Nasal sprays are a common tool in the fight against runny noses and allergies. But can they be effective in preventing infectious disease as well?
ThatÕs the question that Dr. Jun Wang is posing. She is working on developing the first-ever vaccine against chlamydia. A common sexually transmitted infection, chlamydia has many strains that can affect the eyes and lungs. It is troublesome because it can go undetected and untreated for years before it becomes symptomatic. Dr. Wang is hoping to create a preventative vaccine against chlamydia in the form of a nasal spray.
ÒThere are lots of advantages to needle-free delivery,” she says. ÒNeedles are expensive and troublesome, in that they usually require health professionals to administer them. A nasal vaccine would provide targeted immunity without these drawbacks.”
Because the nose contains mucosal sites, the hope is that a nasal vaccine can be developed that generates immunity throughout the body.
Today, the Canadian Foundation for Innovation announced $26 million for investments in Canadian research, with Dr. Wang receiving $125,000 towards the development of her mucosal immunology and vaccinology research laboratory. This is the second major funding announcement from the CFI in as many months; in June, nine Dalhousie researchers were awarded a total of $1.13 million through the Leadership Opportunity Fund, the same fund from which Dr. Wang and two other Dalhousie researchers are to receive awards.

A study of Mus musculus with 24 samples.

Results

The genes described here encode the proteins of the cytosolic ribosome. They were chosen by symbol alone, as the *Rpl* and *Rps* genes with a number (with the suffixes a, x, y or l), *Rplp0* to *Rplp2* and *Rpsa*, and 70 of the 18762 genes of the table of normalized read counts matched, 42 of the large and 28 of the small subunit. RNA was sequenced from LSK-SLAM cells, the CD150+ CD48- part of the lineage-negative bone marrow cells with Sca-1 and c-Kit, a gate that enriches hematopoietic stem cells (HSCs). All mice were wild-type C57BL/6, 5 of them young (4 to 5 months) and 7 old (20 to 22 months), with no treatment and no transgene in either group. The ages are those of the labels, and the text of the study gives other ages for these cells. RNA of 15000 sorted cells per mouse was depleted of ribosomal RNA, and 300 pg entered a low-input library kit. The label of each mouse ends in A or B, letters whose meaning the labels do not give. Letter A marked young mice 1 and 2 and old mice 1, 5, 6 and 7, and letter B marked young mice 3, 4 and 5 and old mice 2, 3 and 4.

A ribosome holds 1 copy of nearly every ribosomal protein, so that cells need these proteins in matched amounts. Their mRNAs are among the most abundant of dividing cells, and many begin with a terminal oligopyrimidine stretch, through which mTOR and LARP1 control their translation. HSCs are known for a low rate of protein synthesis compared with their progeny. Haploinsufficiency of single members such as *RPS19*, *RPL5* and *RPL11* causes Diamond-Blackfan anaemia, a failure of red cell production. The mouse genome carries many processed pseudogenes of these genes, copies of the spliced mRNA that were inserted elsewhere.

Two other CFI-supported projects
In related nose news, Dr. Remigius Agu received $123,236 in funding to continue his significant contributions to the science of nasal drug delivery. The money will be used for important improvements to his laboratory, the only lab in Canada dedicated to the subject. His funding will also receive matching funds from the Nova Scotia Research and Innovation Trust and the Faculty of Health Professions.
And less nosy but no less newsworthy, Dr. Margaret Walsh with the Department of Civil and Resource Engineering has received $124,134 for her research into advanced process design in water and wastewater treatment. With municipalities looking to explore ways of meeting and exceeding new water quality treatments without raising the cost of water to domestic and industrial consumers, her research into colloidal and surface science will help develop better strategies and guidelines for emerging water treatment technologies and designs.